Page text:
Despite being the third largest tobacco producer in the world, Brazil has developed a comprehensive tobacco control policy that includes a broad restriction on both advertising and smoking in indoor public places, compulsory pictorial warning labels, and a menthol cigarette ban. However, tax and pricing policies have been developed slowly and only very recently were stronger measures implemented. This study investigated the expected responses of smokers to hypothetical price increases in Brazil.
We analyzed smokers’ responses to hypothetical future price increases according to sociodemographic characteristics and smoking conditions in a multistage sample of Brazilian current cigarette smokers aged ≥14 years (n = 500). Logistic regression analysis was used to examine the relationship between possible responses and different predictors.
In most subgroups investigated, smokers most frequently said they would react to a hypothetical price increase by taking up alternatives that might have a positive impact on health, i.e., they would “try to stop smoking” (52.3%) or “smoke fewer cigarettes” (46.8%). However, a considerable percentage responded that they would use alternatives that would reduce the effect of price increases, such as the same brand with lower cost (48.1%). After controlling for sex age group (14–19, 20–39, 40–59, and ≥60 years), schooling level (≥9 versus ≤9 years), number of cigarettes per day (>20 versus ≤20), and stage of change for smoking cessation (precontemplation, contemplation, and preparation), lower levels of dependence were positively associated with the response “I would try to stop smoking” (odds ratio [OR], 2.19). Young age was associated with “I would decrease the number of cigarettes” (OR, 3.44). A low schooling level was strongly associated with all responses.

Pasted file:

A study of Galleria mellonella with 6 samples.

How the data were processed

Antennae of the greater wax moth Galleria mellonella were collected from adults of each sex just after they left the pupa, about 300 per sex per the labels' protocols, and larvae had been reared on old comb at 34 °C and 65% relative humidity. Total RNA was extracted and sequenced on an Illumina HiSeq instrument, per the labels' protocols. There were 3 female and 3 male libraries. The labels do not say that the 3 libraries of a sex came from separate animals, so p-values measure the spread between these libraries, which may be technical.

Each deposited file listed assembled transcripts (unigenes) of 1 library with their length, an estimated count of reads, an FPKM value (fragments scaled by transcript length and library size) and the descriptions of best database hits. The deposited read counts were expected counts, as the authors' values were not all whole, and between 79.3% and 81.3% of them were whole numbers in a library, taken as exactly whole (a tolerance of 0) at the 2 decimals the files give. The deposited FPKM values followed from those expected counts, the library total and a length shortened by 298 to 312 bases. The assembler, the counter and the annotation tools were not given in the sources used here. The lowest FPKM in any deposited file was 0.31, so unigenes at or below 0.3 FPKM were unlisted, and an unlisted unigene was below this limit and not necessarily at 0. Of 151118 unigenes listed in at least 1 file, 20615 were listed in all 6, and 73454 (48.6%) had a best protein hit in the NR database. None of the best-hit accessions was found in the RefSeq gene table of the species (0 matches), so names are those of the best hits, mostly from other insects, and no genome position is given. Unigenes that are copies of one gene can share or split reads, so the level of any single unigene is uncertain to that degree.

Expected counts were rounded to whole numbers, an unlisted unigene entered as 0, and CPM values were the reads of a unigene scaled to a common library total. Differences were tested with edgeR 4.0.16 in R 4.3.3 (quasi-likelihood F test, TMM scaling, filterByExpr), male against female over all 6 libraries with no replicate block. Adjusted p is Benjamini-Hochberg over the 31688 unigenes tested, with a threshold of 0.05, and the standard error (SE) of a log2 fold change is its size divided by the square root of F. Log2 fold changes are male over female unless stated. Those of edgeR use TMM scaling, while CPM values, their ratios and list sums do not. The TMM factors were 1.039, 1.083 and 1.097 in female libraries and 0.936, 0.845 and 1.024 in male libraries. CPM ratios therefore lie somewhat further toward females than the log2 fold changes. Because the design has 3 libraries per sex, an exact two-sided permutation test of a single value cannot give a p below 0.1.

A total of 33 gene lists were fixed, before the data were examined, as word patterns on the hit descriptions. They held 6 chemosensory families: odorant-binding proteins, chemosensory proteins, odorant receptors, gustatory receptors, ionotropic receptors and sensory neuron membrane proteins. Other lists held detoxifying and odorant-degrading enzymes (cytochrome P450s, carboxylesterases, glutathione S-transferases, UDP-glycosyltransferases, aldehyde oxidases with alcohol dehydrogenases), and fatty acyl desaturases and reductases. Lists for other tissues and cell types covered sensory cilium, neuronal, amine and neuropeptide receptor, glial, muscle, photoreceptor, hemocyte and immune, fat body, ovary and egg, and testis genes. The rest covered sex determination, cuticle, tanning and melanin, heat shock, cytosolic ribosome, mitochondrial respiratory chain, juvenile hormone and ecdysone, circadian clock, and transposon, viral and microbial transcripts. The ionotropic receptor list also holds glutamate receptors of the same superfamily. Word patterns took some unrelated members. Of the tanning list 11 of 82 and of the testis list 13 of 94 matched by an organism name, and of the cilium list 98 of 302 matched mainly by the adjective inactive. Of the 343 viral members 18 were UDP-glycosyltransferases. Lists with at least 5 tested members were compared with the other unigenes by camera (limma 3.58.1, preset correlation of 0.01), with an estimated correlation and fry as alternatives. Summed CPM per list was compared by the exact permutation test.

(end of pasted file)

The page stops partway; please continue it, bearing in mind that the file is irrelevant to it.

Taxes and prices increases have great potential to stimulate cessation or reduction of cigarette consumption further among two important vulnerable populations of smokers in Brazil: young smokers and those of low educational level. The results from the present study also suggest that seeking illegal products may reduce the impact of increased taxes, but does not eliminate it.